Students and the 2023 Federal Budget: Something is better than nothing

The 2023 Federal Budget offers little instant relief for students struggling with the cost of living and accommodation crisis. Leanne Elliott reports on the latest National Union of Students protest, and explores the key budget issues impacting students.

The 2023 Federal budget was a bit, dare I say, flavourless for most.

The National Union of Students (NUS), the Australian Unemployed Workers’ Union and Greens Senator Mehreen Faruqi were at Parliament House earlier this week calling for the government to address student poverty in the 2023 Federal Budget. I imagine for them the budget announcement was almost too much to swallow.

The NUS have demanded changes to welfare age thresholds and an increase to welfare payments. Also on the agenda, a call for student debts to be wiped and for and end to “exploitatory” unpaid work placements.

“The cost of living crisis is creating the circumstances for very difficult choices. As the cost of food, rent and study rise, students are forced to make very difficult decisions causing a disastrous impact on their standard of living,” said Aidan O’Rouke, NUS NSW State President.

“According to Australian Tax Office (ATO) data, there were more than 3 million people with an outstanding HECS-HELP debt in 2021-22, totaling more than $74.3 billion.” – NUS, HECS Submission, 2022

In response to the budget, Universities Australia Chief Executive Catriona Jackson stated, “The budget strikes a balance between cost-of-living relief and fiscal repair,” adding that the governments inclusion of students in its’ cost of living support packages was welcomed.

Despite a surplus, the budget itself exuded the Labor governments cautionary approach to spending, taking care not to further provoke the inflation monster into tightening its strangle hold.

So, after stripping away the layers, what does the 2023 Federal budget mean for university students and graduates? (I write this next part with tongue in cheek).

Students who receive Jobseeker, Youth Allowance, Abstudy, or Austudy can expect a few breadcrumbs (up to $20pw) to help relieve the cost of living.
Those receiving rent assistance can butter their breadcrumbs with the extra rent assistance they might get, reported to be up to $12 per week.
Or you can put the extra $32 a week towards any HECs debts, because the indexation is expected to increase to over 7% by mid-year.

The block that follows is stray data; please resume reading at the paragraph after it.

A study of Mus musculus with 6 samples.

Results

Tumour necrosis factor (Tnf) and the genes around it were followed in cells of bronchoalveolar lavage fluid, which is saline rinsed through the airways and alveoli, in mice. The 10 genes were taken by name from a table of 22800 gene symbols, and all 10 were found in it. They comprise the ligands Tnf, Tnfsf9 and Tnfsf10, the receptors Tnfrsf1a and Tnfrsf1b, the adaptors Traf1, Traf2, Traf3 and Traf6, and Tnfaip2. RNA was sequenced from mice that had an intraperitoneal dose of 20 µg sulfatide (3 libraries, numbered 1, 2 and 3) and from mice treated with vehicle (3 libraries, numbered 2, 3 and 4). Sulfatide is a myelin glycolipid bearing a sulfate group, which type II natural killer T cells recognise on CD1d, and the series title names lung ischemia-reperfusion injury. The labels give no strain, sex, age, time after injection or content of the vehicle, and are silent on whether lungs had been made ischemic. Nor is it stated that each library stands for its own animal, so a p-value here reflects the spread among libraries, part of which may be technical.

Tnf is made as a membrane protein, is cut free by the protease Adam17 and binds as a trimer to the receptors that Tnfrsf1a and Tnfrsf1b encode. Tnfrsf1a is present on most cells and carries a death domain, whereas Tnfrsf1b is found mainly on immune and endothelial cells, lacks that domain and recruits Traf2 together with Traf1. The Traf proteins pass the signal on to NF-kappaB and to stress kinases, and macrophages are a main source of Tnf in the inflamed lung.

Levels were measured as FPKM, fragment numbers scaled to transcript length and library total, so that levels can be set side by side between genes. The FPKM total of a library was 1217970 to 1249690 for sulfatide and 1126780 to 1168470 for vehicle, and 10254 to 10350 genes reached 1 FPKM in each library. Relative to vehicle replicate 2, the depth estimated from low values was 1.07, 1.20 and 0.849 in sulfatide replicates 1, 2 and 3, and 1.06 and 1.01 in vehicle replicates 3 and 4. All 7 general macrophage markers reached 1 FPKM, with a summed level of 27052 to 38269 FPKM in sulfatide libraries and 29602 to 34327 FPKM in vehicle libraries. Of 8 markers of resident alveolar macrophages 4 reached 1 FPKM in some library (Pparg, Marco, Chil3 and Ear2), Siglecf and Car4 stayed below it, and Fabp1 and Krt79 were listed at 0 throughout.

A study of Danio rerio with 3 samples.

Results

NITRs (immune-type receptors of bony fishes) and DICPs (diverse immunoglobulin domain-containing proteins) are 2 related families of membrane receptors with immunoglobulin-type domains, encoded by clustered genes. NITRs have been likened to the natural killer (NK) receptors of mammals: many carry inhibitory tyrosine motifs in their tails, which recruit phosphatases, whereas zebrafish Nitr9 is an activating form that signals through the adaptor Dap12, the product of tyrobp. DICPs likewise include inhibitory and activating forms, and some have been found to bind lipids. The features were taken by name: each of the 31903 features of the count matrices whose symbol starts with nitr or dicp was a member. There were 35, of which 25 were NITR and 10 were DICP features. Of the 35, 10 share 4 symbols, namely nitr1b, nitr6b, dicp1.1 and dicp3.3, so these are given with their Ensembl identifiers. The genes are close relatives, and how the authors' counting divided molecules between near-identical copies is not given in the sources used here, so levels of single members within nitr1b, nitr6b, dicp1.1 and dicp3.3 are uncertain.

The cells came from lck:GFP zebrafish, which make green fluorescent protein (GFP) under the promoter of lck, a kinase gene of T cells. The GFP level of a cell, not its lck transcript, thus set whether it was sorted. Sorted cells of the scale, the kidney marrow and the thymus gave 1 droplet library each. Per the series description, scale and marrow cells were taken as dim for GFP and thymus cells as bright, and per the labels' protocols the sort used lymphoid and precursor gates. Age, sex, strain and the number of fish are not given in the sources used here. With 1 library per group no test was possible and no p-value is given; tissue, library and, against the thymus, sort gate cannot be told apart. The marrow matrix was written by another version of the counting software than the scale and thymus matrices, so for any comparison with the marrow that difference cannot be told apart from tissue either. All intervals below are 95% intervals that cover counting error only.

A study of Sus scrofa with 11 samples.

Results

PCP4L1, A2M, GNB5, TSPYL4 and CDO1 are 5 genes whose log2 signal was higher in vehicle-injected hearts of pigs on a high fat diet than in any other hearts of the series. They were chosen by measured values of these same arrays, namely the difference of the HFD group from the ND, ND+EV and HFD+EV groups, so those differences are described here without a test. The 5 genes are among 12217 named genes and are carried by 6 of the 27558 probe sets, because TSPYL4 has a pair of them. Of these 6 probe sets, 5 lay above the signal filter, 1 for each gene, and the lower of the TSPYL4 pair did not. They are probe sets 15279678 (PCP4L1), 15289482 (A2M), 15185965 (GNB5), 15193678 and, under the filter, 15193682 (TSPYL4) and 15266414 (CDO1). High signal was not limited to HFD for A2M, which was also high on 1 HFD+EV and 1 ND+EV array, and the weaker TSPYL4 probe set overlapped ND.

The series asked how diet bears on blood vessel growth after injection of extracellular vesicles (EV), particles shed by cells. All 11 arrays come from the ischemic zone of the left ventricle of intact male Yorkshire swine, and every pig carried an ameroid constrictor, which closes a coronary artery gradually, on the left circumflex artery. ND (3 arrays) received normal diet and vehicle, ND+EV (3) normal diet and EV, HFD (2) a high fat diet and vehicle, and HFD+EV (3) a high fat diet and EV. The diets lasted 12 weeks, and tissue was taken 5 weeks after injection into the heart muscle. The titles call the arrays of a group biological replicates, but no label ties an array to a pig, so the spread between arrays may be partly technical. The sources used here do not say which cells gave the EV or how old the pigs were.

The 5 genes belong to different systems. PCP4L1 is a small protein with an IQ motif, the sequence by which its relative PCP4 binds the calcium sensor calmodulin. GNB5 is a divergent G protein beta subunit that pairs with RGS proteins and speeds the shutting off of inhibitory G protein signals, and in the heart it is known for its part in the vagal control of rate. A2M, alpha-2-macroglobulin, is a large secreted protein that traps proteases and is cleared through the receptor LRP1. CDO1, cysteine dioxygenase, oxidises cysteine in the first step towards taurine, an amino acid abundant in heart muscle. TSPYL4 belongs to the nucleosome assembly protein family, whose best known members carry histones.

Students who fall in the low to middle income bracket might expect a lower tax return because Tax Offsets are not being extended.
If eligible you might get up to $500 to help with electricity bills.

At this point all I can say is, something is better than nothing… right?

“Universities Australia (UA) estimates that more than half of all the new jobs expected to be created in the coming years will require a university degree.” – NAB Group Economics, 2023.

Interestingly, on the NAB Business Research and Insights site, NAB Group Economics posted additional details on the 2023 budget highlighting some noteworthy points which are relevant to STEM students and International students.

  • $128.5 million for 4,000 extra places. This is aimed at boosting graduate numbers from STEM disciplines, and to support the trilateral security pact between Australia, the United Kingdom, and the United States (AUKUS), with a current focus on augmenting the flow of skilled workers to support the joint national nuclear submarine project.
  • International graduates “with eligible qualifications” will be able to work an extra two years, from 1 July 2023.
  • From 1 July 2023, International students with visas will have working hours capped once again, to 48 hours per fortnight. These caps will not apply to International Students working in aged care until 31 December 2023.

Rebecca MacFarlane, from Insider Guides, has more key budget information for international students, including increases to visa applications and “improved training arrangements for international medical students, specifically those working in rural and remote areas.”

Inadvertently, students may also benefit from government plans to address the housing and accommodation crisis by offering incentives for rentals and build projects to address the supply issue. Also, there are changes to the Medicare system in the pipeline, such as greater rebates for longer consults.

For now, most of us will need to keep tightening the financial belt and hope we don’t loose circulation anytime soon.

If you are a current student of the University of Newcastle there are a number of support services and options available, including counselling, chaplaincy, financial assistance options and advice on general health and wellbeing.

Feature image provided by the National Union of Students.